Is switching energy suppliers worth it?
Is it worth your time comparing gas and electric prices and switching? A question that is often asked because people assume they are on the best tariff already or they'll only save a few quid by switching so it isn't worth the hassle.
Read on to find out how much people actually save in the UK by comparing and switching to a cheaper energy company. How much the comparison websites claim to save customers and how much actual customers have saved.
Price comparison sites show how much you can save
If you have never switched energy supplier or only done so once then you stand to save. People using energy comparison sites save hundreds according to the officially reported figures published by the Ofgem approved utility comparison websites. EnergyHelpline saved 10% of their customers £461 (January to September 2019) whilst Moneysupermarket saved at least £248 for over half of customers who compare and switch (November 2019).
Your energy company is telling you you're paying too much
Since 2015 energy companies have been obliged by Ofgem to tell you if they have a cheaper deal. It comes to something when energy providers are telling their customers they are paying too much and can switch to a cheaper tariff.
Under Ofgem regulations, suppliers already have to tell customers about their cheapest deal, but until now this rule hasn’t extended to white label tariffs.
Ofgem October 2015
Granted, these notifications on the statements are small, after all what company wants to charge less when their customers are willing to pay more for the same gas and electric.
Your energy company only has to tell you about cheaper tariffs that they offer and not cheap energy deals from other companies.
You can see in the highlighted picture of this People's energy statement that it is showing you that if you switched to one of their other tariffs you could save £108. So even though this customer is a low energy user they can still save a significant amount of money and they don't have to switch companies to do so.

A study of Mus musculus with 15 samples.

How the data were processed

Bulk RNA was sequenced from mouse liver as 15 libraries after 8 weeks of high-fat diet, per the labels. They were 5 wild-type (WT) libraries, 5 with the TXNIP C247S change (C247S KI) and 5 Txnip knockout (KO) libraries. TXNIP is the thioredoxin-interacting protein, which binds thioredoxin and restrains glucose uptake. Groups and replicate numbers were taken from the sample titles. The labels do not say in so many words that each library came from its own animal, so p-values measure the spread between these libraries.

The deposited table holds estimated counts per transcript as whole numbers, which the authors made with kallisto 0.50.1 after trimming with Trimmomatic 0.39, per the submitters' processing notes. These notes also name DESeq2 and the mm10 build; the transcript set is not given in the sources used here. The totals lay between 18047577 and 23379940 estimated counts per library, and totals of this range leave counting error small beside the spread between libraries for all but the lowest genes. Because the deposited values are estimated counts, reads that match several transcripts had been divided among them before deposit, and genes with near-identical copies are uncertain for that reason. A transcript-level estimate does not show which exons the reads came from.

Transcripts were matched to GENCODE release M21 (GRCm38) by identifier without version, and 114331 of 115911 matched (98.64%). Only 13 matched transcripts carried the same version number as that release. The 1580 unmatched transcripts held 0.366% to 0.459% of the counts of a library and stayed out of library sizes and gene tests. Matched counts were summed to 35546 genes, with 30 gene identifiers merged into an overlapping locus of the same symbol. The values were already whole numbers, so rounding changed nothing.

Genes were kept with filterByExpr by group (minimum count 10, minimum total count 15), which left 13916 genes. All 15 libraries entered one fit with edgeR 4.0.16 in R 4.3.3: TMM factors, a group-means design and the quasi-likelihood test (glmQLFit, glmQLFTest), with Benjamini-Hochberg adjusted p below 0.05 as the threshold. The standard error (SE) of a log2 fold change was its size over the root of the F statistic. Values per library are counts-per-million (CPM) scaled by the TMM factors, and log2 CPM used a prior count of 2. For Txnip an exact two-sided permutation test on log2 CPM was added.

However if you compare energy deals and switch energy supplier you are going to save even more.
Ray and his wife live in a 3 bedroom bungalow that was built in the 1990's. They spend most of the time at home as they are both retired. In winter they tend to have the heating on during the day and keep the thermostat to a high setting in the living room where they spend most of their time.
Looking at Ray's energy bill from one of the Big six companies Npower it states they use 23,465 kWh of gas per year and 4,267 kWh of electricity. They pay about £130 a month by direct debit and are on the dual fuel tariff 'Exclusive Fix February 2021', a fixed rate deal which ends at the end of February 2021.
They compared their current energy prices and found that they could switch to 'People's Energy 2 Months Upfront Winter 20 v3' where they would be paying £97.57 a month. Over a year that's a saving of £408.
As they are on a fixed contract the terms state they cannot switch until after 10th January 2021 or they will have to pay an early exit fee of £30 for each fuel, so £60 in total.
They have 10 months left on the contract so it makes sense to leave now and pay the £60 exit fee as they are going to save around £340 over the next 10 months which is far greater than the leaving penalty.
When can I switch energy supplier without penalty?
Penalties or exit fees only come into force if you have signed up to a fixed tariff deal with your supplier. If you are on a standard or variable tariff then there is no penalty for switching to another energy tariff or other energy providers.
Your supplier cannot charge you an exit fee in the last 49 days of your tariff.
If you are moving address and staying with your current energy company or if you want to change to a better deal that your supplier is offering they usually do not enforce any leaving fees.
Why do people switch energy supplier?
According to research by MoneySupermarket the main reason stated by 58% of respondents is that they switch suppliers due to the savings they make. Increases in their current energy bills was a reason 41% stated whilst 18% were tempted by a one off incentive or offer such as cashback. Interestingly 8% wanted to switch in order to get a green energy supply.